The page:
Hindi daily Dainik Jagran published an exit poll claiming that the BJP has an upper hand in the 2017 Uttar Pradesh assembly elections, ruffling more feathers than it might have anticipated.
The dissemination of the exit poll violates the Election Commission’s rule that prohibits the publication of any exit polls until the elections is concluded, in all the phases in all states. “It is in clear violation of Section 126 A B of the Representation of the People Act and wilful disobedience of lawful directions of the Commission,” the body said before calling for a First Information Report to be filed against the paper.
Concurring with this, Raj Chengappa, President of the Editors Guild of India, told The Quint that by publishing the exit poll, the newspaper breached the Election Commission's specific orders about making public such polls. “All editors must be aware that the EC order does not allow you to publish an exit poll. Whoever violates this, then has to face the consequences that it entails.”
What We Know
The dissemination of the poll falls in murkier grounds because the 2017 guidelines of the Election Commission prohibits the sheer conduct of any exit poll.
Things moved swiftly after the FIR was filed. The Uttar Pradesh police on Tuesday arrested the online editor of the Dainik Jagran website, Shashank Shekhar Tripathi.
Within hours, a letter was sent to the Uttar Pradesh Chief Electoral Officer (CEO), stating that the exit poll was approved by Varun Sharma, deputy editor of Jagran’s English website, according to a report in The Indian Express. It further disclosed that the “editorial team had nothing to do with it” and ensured, quite prominently, that “appropriate action” has been initiated against Sharma.
Sanjay Gupta, the CEO and editor of the Dainik Jagran group, in a statement asserted that the poll was “carried by our advertising department”.
The Questions That Emerge
Should action be taken against the owners of the newspaper? Even if one believes the assumption that the poll was carried by their “advertising department”, it would not have been published without the nod of the owners.
“Before asking the question of accountability, you have to find out who is legally responsible for content in this individual case,” Changappa adds.
Although the editor of a newspaper is accountable for any content published in the paper under the Press and Registration of Books Act 1867, websites do not fall in this category, owing to the fact that the act was passed decades before digital sites came into being. The editor of a website, then, cannot be held responsible, unless proven otherwise.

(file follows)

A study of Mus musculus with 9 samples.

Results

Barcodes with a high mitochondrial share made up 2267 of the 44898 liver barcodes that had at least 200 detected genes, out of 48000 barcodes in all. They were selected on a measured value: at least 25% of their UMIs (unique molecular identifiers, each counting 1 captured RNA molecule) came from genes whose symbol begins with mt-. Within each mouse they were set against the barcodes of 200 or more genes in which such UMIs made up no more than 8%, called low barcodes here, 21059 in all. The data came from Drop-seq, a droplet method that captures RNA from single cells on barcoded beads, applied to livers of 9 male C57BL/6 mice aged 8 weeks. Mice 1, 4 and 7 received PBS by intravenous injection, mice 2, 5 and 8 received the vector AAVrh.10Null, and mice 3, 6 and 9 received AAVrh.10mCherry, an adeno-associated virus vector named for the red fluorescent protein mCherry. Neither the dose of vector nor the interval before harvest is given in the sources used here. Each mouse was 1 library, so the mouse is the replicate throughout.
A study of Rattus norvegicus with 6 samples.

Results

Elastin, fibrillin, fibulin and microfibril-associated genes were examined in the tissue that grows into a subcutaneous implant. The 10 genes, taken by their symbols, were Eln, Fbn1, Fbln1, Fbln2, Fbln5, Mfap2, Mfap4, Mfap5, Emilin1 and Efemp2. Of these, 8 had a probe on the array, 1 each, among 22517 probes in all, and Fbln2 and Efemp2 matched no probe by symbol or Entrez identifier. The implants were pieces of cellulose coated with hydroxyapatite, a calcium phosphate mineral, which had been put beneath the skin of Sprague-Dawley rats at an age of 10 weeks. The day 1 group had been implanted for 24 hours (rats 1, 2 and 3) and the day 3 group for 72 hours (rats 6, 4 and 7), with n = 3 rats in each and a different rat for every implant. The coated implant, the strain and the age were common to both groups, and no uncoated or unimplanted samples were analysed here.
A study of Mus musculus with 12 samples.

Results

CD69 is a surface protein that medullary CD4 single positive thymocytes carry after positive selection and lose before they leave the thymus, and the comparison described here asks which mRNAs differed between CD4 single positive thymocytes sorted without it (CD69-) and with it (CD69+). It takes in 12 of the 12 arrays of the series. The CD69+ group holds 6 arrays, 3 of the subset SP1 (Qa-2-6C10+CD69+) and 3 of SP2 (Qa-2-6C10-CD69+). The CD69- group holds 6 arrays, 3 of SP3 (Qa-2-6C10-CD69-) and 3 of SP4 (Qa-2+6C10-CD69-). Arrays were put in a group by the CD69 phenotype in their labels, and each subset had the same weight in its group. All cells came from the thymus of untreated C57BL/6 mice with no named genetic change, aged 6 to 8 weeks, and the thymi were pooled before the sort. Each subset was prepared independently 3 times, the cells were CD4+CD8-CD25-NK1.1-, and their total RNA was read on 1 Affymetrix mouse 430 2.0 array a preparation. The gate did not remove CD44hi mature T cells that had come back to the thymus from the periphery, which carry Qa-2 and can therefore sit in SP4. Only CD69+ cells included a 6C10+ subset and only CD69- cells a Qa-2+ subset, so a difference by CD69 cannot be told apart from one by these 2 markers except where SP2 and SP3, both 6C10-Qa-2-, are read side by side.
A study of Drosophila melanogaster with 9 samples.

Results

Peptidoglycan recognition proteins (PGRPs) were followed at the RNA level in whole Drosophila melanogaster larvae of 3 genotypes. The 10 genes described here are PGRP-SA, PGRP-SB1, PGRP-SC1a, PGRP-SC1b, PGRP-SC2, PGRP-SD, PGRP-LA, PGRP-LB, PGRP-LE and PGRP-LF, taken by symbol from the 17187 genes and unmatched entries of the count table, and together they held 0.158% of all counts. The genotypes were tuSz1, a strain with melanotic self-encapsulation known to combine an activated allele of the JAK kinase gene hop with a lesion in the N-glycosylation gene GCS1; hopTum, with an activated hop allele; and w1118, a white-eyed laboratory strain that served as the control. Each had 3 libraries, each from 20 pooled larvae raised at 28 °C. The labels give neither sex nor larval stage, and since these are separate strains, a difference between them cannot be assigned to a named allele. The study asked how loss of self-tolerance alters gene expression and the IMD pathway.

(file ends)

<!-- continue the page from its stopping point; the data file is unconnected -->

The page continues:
In this case, the poll was carried out by the advertising department, implying that the decision was a monetary one. How fair is it then to hold the editor responsible for it is a question that needs an answer.
Though the Editor’s Guild of India has not taken a stand on the individual case of Dainik Jagran as yet, Chengappa does concede that the larger debate around the ban on polls should be discussed. “If anybody, not specifically Dainik Jagran, feels that the order is unfair, the best recourse is to go to the court and fight it, not violate it.”
Having said this, another pertinent question that emerges is this:
This is where things get interesting.
A Spate of Denials
The poll was conducted by a ‘Resource Development International’ (RDI), according to The Wire. There is more than one company with that name to have come forward to refute any association with the poll.
Rajeev Gupta, managing director of Resource Development International India (Pvt) Ltd, in an email to the publication denied any involvement with the poll.
The story in The Wire then goes on to reveal that another company bearing the same initials, RDI, is run by political commentator and psephologist Devendra Kumar.
Although the psephologist denied any involvement in the poll, he was spotted at the BJP’s headquarters in Lucknow on Tuesday by reporter Rohini Singh.
Amid a spate of denials and refutations, the job of the Election Commission intensifies – it needs to investigate who approved the exit poll, and more urgently, who paid for it.